This article is part of
Guide to buying and selling a firm in 2017

Who is buying advisory firms and why?

Small, large or consolidator: which sort of business is on the hunt for advisory firms in 2017, and why?

Nearly every week the financial services industry hears of yet another planned merger or acquisition.

It could be a wealth manager merger, such as the talks between Rathbone Brothers and Smith & Williamson which recently came to an end without a deal.

Or it could be the purchase of an adviser network, such as Sanlam UK buying the adviser network business of Tavistock Financial from Tavistock Investments, the appetite for acquisitions has not abated. 

Linda Whittle, senior associate for law firm Fladgate, comments: “Global and European merger & acquisition (M&A) trends so far this year suggest the market is seeing a smaller number of deals than during the same period in 2016, but with higher transactional values.”

Indeed, some of the deals do involve big numbers. The Sanlam UK purchase of Tavistock Financial cost £1m, and it brought 158 financial advisers, 25 staff and £1.5bn of assets under advice to Sanlam UK.

James Dingwall, founder and chief executive of Thistle Initiatives, says: "The majority of firms are now focusing on larger acquisitions instead of smaller firms.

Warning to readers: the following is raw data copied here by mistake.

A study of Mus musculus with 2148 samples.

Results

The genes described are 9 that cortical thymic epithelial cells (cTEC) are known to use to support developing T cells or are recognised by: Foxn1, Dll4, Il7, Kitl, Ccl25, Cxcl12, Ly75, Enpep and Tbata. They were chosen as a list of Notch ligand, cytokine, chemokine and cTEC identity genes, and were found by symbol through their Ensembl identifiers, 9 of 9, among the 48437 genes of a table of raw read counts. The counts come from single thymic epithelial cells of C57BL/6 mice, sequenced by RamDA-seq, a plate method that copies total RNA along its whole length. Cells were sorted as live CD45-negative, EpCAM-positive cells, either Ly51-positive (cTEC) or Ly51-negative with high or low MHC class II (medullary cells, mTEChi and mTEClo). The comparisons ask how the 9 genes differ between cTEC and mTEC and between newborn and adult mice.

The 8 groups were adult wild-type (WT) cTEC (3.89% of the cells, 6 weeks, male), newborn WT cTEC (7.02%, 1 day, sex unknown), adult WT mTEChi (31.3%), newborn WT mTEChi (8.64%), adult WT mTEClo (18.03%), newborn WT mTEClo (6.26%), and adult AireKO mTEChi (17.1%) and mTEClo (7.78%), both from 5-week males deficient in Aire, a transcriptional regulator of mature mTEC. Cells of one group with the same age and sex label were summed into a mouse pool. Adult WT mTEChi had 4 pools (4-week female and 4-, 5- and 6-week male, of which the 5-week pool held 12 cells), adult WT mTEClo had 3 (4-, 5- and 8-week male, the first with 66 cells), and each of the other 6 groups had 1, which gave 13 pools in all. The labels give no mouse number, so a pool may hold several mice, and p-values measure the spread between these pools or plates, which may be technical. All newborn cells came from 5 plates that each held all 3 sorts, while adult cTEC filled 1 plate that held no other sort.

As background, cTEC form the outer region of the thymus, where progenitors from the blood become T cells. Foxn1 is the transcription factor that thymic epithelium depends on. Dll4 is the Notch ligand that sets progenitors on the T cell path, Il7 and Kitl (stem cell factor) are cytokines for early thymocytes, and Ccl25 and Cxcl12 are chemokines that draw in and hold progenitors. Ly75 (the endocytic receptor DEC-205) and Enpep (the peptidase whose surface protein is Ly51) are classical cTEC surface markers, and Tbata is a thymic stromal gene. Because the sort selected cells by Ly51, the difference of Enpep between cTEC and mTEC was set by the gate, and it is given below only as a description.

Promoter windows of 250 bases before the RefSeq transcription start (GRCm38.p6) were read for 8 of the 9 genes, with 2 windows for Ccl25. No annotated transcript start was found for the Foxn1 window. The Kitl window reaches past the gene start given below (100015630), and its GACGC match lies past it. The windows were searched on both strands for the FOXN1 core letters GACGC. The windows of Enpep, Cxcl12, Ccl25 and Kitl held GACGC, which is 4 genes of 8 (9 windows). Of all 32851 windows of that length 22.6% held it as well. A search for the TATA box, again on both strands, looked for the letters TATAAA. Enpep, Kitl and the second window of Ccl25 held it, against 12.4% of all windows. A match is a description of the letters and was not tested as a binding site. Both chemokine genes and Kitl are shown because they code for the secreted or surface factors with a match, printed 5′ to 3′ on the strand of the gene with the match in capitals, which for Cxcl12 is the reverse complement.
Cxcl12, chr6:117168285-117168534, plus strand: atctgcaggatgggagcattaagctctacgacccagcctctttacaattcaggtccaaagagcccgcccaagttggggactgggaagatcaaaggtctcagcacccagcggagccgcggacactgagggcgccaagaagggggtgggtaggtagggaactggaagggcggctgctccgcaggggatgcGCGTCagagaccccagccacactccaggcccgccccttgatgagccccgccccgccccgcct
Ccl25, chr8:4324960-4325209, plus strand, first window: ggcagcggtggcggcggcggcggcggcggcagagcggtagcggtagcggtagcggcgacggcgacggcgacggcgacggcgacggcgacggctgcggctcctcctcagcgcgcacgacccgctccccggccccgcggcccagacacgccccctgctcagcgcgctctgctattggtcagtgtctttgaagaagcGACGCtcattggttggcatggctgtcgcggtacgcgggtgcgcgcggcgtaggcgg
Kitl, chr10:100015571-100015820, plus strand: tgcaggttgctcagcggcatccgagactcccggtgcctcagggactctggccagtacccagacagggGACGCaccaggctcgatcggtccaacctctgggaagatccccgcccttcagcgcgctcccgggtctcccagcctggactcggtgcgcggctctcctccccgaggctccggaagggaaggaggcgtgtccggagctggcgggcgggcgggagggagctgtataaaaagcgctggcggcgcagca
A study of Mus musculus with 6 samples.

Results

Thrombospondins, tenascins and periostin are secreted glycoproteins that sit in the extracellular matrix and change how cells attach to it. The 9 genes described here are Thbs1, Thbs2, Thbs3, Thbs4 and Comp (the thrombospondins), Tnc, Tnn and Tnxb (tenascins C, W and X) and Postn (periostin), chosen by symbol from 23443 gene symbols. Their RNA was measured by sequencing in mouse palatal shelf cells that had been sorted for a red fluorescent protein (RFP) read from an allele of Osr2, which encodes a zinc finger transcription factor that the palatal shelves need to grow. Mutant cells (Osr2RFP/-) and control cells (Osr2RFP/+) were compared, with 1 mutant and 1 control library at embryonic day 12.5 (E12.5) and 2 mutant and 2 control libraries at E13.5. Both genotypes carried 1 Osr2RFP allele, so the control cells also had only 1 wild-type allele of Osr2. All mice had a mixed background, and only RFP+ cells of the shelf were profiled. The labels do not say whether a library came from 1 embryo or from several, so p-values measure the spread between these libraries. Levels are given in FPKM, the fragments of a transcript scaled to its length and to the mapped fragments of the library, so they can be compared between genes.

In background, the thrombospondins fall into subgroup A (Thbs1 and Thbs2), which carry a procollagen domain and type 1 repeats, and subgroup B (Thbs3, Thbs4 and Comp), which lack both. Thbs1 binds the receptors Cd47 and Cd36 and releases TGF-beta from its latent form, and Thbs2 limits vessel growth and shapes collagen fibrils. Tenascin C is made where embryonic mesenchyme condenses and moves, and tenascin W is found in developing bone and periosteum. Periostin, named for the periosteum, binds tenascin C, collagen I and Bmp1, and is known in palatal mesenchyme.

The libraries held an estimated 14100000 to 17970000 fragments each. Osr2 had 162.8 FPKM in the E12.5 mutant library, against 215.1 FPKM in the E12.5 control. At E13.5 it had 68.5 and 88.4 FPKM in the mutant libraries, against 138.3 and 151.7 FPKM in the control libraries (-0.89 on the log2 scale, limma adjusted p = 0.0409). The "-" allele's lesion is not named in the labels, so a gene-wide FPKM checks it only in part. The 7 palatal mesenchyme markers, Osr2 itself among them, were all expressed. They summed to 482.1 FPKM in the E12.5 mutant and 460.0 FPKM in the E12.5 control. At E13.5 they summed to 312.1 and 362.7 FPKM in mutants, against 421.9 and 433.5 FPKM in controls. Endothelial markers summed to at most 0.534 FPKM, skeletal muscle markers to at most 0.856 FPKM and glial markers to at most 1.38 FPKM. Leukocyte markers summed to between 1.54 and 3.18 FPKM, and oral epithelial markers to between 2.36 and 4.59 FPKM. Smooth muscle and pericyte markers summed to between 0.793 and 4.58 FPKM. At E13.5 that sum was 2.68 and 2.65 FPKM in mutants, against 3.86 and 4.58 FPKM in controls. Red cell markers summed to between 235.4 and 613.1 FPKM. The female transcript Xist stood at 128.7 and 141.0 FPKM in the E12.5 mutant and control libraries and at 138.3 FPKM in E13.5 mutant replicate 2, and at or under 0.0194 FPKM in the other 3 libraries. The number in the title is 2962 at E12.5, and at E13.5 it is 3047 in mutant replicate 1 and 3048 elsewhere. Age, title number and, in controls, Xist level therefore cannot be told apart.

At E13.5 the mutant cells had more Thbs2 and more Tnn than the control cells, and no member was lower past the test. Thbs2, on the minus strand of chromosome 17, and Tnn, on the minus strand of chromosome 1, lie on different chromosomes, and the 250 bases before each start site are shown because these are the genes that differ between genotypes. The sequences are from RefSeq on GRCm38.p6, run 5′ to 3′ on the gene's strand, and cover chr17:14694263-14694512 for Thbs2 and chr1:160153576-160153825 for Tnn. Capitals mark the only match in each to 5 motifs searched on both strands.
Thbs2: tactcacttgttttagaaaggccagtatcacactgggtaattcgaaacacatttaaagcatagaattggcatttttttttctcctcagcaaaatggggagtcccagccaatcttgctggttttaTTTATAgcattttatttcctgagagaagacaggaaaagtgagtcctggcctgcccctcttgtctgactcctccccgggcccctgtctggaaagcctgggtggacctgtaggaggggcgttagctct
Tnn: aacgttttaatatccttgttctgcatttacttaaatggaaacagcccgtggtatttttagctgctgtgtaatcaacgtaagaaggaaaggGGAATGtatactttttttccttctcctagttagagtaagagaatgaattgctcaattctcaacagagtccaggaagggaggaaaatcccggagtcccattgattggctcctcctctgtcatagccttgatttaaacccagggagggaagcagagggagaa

"We also expect to see a number of the larger consolidators merge, exit or go for a listing in the next few years."

Big appetite

Is the market for buying and selling in the advisory space still hot?

According to Lawrence Cook, director of marketing and business development at Thesis Asset Management, it is.

He says: "To judge by the numbers of delegates attending our annual conference choosing to attend a session on buying/selling an advisory business we can say that the market is still hot.

"Firms wanting to stay as advisers want to get bigger or at least make more money and they see greater scale as a means to achieve that.

"For that to become a reality a buyer needs to buy wisely and execute the business plan well after purchase."

According to the Personal Finance Society, there are four main acquisition/disposal scenarios which are whetting the appetite for M&A activity in the advisory space. These are: 

  • Horizontal: buying a complimentary business as part of a growth strategy.
  • Vertical: Consolidation through the acquisition of an actual supplier or distributor.
  • Diversification: moving into a new market sector or different advice type.
  • Geographical: as part of expansion plans into a new region.

Moreover, there seems to be plenty of funding available. Mr Dingwall adds: "While funding is easy, we still expect to see acquisitions."

Small is beautiful

But while these big-ticket buys hit the headlines, a significant trend noted in the UK particularly is for smaller firms to make strategic purchases.

According to Tom Hegarty, managing director of SimplyBiz, one of the reasons small firms like to buy or sell to other smaller firms is because of the cultural fit.

He explains: “The majority of directly authorised IFA firms tend to be smaller businesses, therefore the service delivered to clients is of paramount importance when considering a sale.